Behind the Mask
For a group project at General Assembly, we were instructed to find and use data to be used in emergency response situations. Collectively, we chose to build a neural network that would input social images to determine if the individual(s) was wearing a mask. We chose Twitter and used two hashtags, #maskup and #nomaskselfie, to represent the different groups that would or would not be wearing masks. We got some interesting images from these feeds and chose to filter to just photos of individual faces wearing or not wearing masks.
The technical stuff...
I created a Twitter crawler using the API Tweepy to scrape data from the mentioned hashtags. I then borrowed a lot of code from Mirza Mjutaba’s Kaggle notebook to build a MobileNetV2 image classifier to train on data obtained from a Kaggle dataset. This dataset had images and associated XML files that contained the bounding box coordinates of those with masks on. My model ended up with an F1 score of 82% after 2 runs of 20 epochs.
What was interesting?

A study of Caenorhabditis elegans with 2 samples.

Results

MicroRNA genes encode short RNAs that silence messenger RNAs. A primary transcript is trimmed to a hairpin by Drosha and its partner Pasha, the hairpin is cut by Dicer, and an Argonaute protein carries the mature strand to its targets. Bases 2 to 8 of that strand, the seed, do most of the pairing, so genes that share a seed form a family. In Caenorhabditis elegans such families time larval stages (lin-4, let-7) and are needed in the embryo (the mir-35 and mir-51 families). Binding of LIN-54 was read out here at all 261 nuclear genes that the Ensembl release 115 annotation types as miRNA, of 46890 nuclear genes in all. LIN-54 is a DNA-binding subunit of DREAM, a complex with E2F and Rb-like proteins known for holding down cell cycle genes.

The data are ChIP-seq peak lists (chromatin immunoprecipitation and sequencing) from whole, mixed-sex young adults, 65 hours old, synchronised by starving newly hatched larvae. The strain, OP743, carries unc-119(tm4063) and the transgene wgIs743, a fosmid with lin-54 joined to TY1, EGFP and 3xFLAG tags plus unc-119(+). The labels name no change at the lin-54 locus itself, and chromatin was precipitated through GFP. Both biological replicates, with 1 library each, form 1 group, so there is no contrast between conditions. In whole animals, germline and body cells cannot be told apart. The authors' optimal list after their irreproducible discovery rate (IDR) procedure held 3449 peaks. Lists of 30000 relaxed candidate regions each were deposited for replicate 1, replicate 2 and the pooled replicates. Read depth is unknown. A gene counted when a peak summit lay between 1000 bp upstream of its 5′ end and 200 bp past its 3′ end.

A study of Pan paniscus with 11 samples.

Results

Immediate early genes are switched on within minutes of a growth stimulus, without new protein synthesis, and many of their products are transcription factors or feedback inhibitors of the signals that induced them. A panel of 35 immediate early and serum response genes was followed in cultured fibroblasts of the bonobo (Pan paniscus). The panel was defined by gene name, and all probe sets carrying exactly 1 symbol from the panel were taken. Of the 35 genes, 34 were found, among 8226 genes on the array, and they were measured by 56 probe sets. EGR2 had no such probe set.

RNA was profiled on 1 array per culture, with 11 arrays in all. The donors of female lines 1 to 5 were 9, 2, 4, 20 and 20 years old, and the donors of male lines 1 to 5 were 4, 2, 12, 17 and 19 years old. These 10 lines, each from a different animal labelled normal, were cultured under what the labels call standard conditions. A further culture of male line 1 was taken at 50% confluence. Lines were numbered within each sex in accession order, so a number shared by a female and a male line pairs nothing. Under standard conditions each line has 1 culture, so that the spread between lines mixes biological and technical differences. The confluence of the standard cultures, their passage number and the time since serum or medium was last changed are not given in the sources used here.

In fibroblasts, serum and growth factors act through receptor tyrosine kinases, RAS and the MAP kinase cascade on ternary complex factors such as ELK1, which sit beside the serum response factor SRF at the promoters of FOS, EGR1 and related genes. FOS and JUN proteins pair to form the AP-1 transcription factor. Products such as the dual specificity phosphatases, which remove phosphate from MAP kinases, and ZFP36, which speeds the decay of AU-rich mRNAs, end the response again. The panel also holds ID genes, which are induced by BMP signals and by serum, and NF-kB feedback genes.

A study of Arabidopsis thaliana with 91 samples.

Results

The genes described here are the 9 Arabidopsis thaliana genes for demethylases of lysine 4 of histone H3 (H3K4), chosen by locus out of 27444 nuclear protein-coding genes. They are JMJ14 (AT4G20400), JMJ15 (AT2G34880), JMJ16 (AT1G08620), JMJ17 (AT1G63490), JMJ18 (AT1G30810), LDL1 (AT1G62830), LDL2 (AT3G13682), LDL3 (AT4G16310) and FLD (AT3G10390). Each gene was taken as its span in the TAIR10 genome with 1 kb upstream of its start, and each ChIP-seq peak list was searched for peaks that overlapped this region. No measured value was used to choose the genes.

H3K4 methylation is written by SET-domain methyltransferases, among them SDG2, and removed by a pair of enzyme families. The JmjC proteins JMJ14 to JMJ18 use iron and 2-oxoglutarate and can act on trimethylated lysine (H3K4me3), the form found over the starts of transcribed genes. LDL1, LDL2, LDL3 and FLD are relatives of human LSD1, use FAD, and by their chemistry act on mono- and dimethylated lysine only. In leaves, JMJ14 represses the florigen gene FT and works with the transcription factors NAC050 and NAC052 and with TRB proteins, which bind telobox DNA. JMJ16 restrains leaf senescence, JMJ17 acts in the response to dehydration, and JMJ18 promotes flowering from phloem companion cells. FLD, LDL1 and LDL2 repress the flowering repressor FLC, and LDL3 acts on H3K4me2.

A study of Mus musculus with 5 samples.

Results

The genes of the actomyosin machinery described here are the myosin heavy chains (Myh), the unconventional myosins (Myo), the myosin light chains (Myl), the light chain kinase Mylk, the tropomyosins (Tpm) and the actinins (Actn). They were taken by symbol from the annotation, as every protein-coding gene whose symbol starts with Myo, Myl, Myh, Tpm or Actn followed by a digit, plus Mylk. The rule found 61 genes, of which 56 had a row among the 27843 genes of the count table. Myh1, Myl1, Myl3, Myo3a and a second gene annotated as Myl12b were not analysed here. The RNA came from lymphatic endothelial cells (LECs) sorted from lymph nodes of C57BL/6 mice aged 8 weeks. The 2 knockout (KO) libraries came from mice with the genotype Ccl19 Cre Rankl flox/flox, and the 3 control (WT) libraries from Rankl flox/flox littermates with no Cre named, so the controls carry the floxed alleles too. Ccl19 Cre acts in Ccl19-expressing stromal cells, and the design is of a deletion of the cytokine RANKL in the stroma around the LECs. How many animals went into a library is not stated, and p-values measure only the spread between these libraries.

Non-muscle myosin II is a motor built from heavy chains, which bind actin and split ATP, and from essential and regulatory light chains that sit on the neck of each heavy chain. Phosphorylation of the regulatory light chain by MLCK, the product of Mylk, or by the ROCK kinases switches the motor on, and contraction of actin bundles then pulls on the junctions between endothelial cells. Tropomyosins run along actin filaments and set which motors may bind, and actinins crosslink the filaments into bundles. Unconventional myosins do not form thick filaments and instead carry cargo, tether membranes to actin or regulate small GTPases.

It was challenging to build an image classifier since we hadn’t gone over any information about neural networks at this point in our instruction at General Assembly. I found the biggest roadblocks in condensing the Twitter images on the prediction side. In my RunOnTwitter.py code, I had issues with resizing after condensing to an array and went with np.expand_dims to overcome those issues.
Ultimately, my model had much higher accuracy scores in predicting people not wearing masks (89%) vs wearing them(50%). We hypothesized that was due to different mask patterns. Somebody wearing flower patterns, or a pattern that depicted a mouth may make it confusing for a neural network to understand. To solve this, I would like to train this model on more elaborate mask patterns to introduced that variety.
We also speculated on what could be commercial applications of this model. My favorite was to use it as a way of predicting areas that would have higher infection rates by mapping locations of higher anti-mask rates. The numbers presented in the accompanying notebook and pdf show a national average based on all the Twitter images. But, I could scrape tweets (using various hashtags) per state or county, put the images through the model, and map the percentage of mask vs non-mask wearers.